Musical reminder encourages attendance

Math teachers get creative

Math+teacher+Anson+Opara+dances+to+music+blasting+through+the+hallway+during+passing+time.+The+math+teachers+play+the+music+to+remind+students+to+be+on+time+to+their+next+classes.+

Math teacher Anson Opara dances to music blasting through the hallway during passing time. The math teachers play the music to remind students to be on time to their next classes.

Math teacher Anson Opara dances to music blasting through the hallway during passing time. The math teachers play the music to remind students to be on time to their next classes.

Ben Sanford

Math teacher Anson Opara dances to music blasting through the hallway during passing time. The math teachers play the music to remind students to be on time to their next classes.

Ben Sanford

Ben Sanford

Math teacher Anson Opara dances to music blasting through the hallway during passing time. The math teachers play the music to remind students to be on time to their next classes.

Maddie Schutte

What began as a tactic to remind students that class started in two minutes, math teacher Chad Austad said playing music in the math hallway has served as not only a reminder, but a fun activity for students during passing time.

“We wanted to let (the students) know when there was two minutes left. So for most hours we start playing music with two minutes left and then turn it off when the bell rings,” Austad said.

Sophomore Lily Metzler said hearing the music on her way to class brightens her mood and makes her feel more relaxed.

“Passing time is always a nice break in between classes and them playing music really lightens the mood and if you’re having a stressful day it’ll just make school more enjoyable,” Metzler said.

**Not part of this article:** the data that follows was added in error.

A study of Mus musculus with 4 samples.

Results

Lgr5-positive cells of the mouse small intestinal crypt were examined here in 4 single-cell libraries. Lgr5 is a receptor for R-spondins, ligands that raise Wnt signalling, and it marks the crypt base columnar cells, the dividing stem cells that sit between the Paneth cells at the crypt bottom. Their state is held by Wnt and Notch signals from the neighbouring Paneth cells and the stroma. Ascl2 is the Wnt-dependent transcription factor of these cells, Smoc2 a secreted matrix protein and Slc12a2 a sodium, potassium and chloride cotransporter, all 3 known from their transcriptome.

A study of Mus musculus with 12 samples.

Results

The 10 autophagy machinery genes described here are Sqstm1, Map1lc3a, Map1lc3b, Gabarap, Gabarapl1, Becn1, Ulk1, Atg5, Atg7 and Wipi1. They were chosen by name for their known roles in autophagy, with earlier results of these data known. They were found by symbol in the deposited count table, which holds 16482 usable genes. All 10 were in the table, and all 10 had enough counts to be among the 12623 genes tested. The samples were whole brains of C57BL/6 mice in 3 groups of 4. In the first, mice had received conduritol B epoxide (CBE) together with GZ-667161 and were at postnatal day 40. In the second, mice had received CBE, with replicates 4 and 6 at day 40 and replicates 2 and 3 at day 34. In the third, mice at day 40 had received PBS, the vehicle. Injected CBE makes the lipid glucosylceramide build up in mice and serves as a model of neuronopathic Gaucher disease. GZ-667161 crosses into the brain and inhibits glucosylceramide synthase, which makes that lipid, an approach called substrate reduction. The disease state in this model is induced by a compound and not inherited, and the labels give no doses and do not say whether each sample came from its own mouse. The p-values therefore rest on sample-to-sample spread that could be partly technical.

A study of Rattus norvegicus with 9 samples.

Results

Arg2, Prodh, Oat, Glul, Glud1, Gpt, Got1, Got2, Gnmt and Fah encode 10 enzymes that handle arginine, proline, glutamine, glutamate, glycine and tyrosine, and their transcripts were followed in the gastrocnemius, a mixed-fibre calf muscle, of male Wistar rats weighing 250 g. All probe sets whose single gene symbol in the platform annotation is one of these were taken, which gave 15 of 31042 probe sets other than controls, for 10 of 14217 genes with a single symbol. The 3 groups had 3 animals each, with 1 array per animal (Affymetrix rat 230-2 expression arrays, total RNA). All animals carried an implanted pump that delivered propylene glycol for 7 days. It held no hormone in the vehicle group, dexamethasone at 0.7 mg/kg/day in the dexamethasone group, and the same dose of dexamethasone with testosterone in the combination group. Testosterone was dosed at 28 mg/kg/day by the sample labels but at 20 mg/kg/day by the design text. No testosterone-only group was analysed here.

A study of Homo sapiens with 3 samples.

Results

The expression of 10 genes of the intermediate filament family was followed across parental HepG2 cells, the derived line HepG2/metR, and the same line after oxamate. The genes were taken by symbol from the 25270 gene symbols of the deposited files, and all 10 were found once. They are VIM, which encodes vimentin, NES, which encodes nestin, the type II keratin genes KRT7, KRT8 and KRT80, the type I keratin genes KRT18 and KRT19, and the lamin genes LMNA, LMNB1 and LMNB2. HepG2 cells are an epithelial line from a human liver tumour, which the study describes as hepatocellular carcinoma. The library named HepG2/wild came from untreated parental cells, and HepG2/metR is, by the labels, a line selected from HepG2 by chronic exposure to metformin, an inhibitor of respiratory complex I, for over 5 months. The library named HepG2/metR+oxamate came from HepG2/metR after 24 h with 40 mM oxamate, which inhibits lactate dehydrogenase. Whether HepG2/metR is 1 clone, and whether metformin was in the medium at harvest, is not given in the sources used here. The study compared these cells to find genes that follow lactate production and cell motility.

Passing time is always a nice break in between classes and them playing music really lightens the mood and if you’re having a stressful day it’ll just make school more enjoyable.”

— Lily Metzler

Austad said he hopes the music can improve students’ days, and help them to come into class in a better mood.

“They seem to have more fun in the hallway until they come in and hopefully it just brightens their day a little bit,” Austad said. “I think it relaxes them some, and makes them a little less stressed out.”

Freshman Zachary Nathan said he likes seeing the math teachers have fun with their students.

“I appreciate it. It’s fun to see the math teachers having fun and embarrassing kids in the hallway,” Nathan said. “I think it does make school more enjoyable. It’s fun to just listen to the music.”

Metzler said she sees connections being formed with the teachers and students.

“I see some people dancing and teachers love it and kids love it and people are just smiling,” Metzler said.